We are at the cusp of a technological revolution that will make computational devices ubiquitous in our environment–from digital sensors for home-based assisted living to next-generation wireless implantable medical devices for heart pacing and defibrillation. But the wonderful new opportunities these devices present come with potentially serious threats to our data, privacy, property, and even personal safety. For example, while the MySpace generation might flock to future phone-based social-networking systems–
systems that could instantly reveal whether the person next to you at the bar is a “friend of a friend” who shares your passion for classic movies and country line dancing–those same systems might be exploitable by sexual predators and other miscreants.
Helping society realize the benefits of these new technologies without simultaneously exposing users to serious risks is the charter of the computer security research community.
Computer security researchers study existing and proposed electronic systems in order to determine and learn from their weaknesses. In my own work with colleagues at Johns Hopkins and Rice University, we discovered that it’s possible to compromise the security of electronic voting machines and change election results. In another example, scientists at Microsoft Research have evaluated the extent to which malicious software on cell phones could disrupt regional cellular communications.
Once we’ve identified significant security deficiencies, we develop improved security mechanisms. Classically, such research has centered on systems that can be used securely. But there is a wide gap between systems that can be used securely and systems that will be used securely. For example, recent results from Harvard University and the University of California, Berkeley, suggest that many users ignore anti-phishing defenses in Web browsers. To fully understand and improve the usability of security mechanisms, we must study users in realistic settings. At the University of Washington, we developed a building-wide network of sensors–the RFID Ecosystem–that we are using to explore more intuitive and natural methods for controlling digital privacy in future computing environments.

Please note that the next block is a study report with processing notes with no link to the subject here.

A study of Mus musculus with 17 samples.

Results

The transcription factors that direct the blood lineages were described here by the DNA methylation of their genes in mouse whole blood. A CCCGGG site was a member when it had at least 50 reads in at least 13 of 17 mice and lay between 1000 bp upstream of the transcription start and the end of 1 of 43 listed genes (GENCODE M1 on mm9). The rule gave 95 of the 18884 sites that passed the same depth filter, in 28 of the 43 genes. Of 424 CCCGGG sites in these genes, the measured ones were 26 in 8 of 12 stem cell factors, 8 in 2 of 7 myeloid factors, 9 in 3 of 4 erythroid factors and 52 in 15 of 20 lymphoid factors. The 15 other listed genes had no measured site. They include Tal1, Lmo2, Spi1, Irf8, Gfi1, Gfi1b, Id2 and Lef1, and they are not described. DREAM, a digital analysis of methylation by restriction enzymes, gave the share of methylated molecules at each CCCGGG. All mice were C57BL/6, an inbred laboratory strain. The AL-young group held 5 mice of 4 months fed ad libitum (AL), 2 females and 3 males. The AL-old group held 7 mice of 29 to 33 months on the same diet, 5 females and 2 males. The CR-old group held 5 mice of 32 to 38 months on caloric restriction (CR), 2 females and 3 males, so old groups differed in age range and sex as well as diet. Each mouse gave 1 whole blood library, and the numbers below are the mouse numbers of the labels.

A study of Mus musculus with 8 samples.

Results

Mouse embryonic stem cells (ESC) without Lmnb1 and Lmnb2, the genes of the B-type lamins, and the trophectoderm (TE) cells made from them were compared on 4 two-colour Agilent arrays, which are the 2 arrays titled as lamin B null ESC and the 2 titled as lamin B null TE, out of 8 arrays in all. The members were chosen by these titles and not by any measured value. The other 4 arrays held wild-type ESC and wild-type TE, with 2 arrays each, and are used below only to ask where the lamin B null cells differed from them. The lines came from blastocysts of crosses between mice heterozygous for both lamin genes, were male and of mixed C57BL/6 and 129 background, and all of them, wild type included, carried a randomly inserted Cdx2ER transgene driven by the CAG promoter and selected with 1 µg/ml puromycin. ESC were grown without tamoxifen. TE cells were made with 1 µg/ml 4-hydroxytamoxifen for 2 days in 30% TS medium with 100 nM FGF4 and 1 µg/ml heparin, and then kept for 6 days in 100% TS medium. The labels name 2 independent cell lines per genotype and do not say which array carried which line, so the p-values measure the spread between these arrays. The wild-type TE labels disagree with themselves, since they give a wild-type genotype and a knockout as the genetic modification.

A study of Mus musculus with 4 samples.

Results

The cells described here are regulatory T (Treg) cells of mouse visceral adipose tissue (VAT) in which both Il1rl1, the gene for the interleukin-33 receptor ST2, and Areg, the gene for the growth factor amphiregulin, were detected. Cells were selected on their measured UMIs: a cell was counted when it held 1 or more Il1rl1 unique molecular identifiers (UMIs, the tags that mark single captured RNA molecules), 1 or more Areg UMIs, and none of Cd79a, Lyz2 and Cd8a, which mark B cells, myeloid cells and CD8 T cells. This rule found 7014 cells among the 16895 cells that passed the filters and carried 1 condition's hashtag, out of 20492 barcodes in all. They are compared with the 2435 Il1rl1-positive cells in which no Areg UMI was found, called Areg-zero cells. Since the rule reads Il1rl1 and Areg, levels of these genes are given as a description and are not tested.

Another emerging theme in security research is the attempt to hold computer users accountable–to find digital analogues for surveillance cameras and forensic identifiers like fingerprints and DNA. Together with researchers at the University of California, San Diego, my colleagues at the University of Washington and I are developing one such accountability mechanism. Our design preserves a user’s privacy in the common case: while they’re always present, our forensic trails can be “opened” only under very special circumstances–for example, when a court order has been issued.
The next time you’re enjoying the benefits of your latest digital gadget, whether it’s a wireless gaming helmet with built-in brain-activity sensors or a new RFID credit card, you might think about the mischief that could be accomplished by someone who circumvents the device’s security. The helmet could let you directly control your computer game with your mind, but could it also reveal your private thoughts to malicious software on the gaming system, or to anyone within wireless range? These are the kinds of issues that drive the security research community toward creating a more secure and private digital world.
Tadayoshi Kohno, an assistant professor in the Department of Computer Science and Engineering at the University of Washington, is a member of the 2007 TR35.